WIPP's myContracting Magazine January 2015 - Page 13

The company has significant value today. The company would therefore be delivering to the key employees a valuable asset (restricted stock) which is likely to appreciate significantly over time.

For certain tax efficiency reasons (which go beyond the scope of this blog post), the company presumably want to allow the key employees to accelerate and minimize the amount of ordinary income tax on the receipt of the restricted stock (by making and filing an 83(b) election) and to lock in all future income recognition (provided certain requirements are met) at capital gains rates. (Note: Not allowing the Section 83(b) election could lead to even more challenging (tax) scenarios to the key employees going forward).

But, this would lead to some other potentially thorny and unintended consequences for the Company (and Owners). First, if awarded restricted stock, the key employees would, at the time of a sale of the company event, share in the full value of the company (and not just the part tied to their efforts to take the company form level x to level y). Second, the above-referenced Section 83(b) filing and payment of taxes would, for tax purposes, make the key employees full shareholders in the company right away; regardless, of the fact that they would not yet have vested to and therefore would not truly own any of the restricted stock. Remember, the company is an S corporation and can only have one class of stock. This means that all stockholders must be treated them same and have the same financial/economic rights. The company therefore would not be able to treat the key employees any differently than the Owners. Any time the company would make pro rata tax or other distributions to the Owners, the company would have to make matching pro rata distributions to the key employees. Moreover, any company efforts to condition the key employees’ receipt of discretionary distributions until having vested to the stock (for example, by way of depositing them into an escrow account and releasing upon vesting), could be viewed as the company having created a second class of stock, which could well jeopardize the company’s S corporation tax status. It is likely that some form of equity-linked plan (such as a SARs plan), as opposed to an equity plan, would better match to and achieve the company’s goals and objectives.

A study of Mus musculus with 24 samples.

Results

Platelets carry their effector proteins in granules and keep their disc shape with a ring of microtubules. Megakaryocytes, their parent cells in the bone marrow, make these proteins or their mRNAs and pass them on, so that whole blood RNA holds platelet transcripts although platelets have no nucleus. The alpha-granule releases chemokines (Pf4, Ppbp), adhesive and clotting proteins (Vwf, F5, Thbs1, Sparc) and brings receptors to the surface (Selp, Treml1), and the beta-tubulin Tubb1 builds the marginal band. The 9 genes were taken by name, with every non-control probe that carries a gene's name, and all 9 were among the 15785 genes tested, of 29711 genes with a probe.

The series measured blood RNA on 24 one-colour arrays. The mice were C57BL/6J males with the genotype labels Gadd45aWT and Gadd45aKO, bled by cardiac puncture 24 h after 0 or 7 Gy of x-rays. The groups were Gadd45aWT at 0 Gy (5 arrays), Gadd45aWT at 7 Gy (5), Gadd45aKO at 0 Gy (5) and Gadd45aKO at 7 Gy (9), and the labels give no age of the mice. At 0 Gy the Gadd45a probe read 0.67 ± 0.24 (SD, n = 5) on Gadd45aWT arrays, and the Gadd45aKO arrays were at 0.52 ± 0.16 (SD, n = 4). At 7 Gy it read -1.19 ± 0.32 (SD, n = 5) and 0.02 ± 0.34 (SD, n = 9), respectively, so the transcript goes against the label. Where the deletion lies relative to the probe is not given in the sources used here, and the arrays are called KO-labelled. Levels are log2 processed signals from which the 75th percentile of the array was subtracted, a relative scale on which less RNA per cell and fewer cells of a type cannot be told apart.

As you can see, choosing the wrong employee incentive plan could undermine a company’s goals and objectives and lead to other unfavorable consequences. So, choose wisely.

Dean Nordlinger is a partner with PilieroMazza and heads the Business and Corporate Law Group. He may be reached at dnordlinger@pilieromazza.com

"... a company’s owners’ challenge is to strike the right balance between allowing key employees’ to share in the company’s upside success, while protecting the company’s downside risk."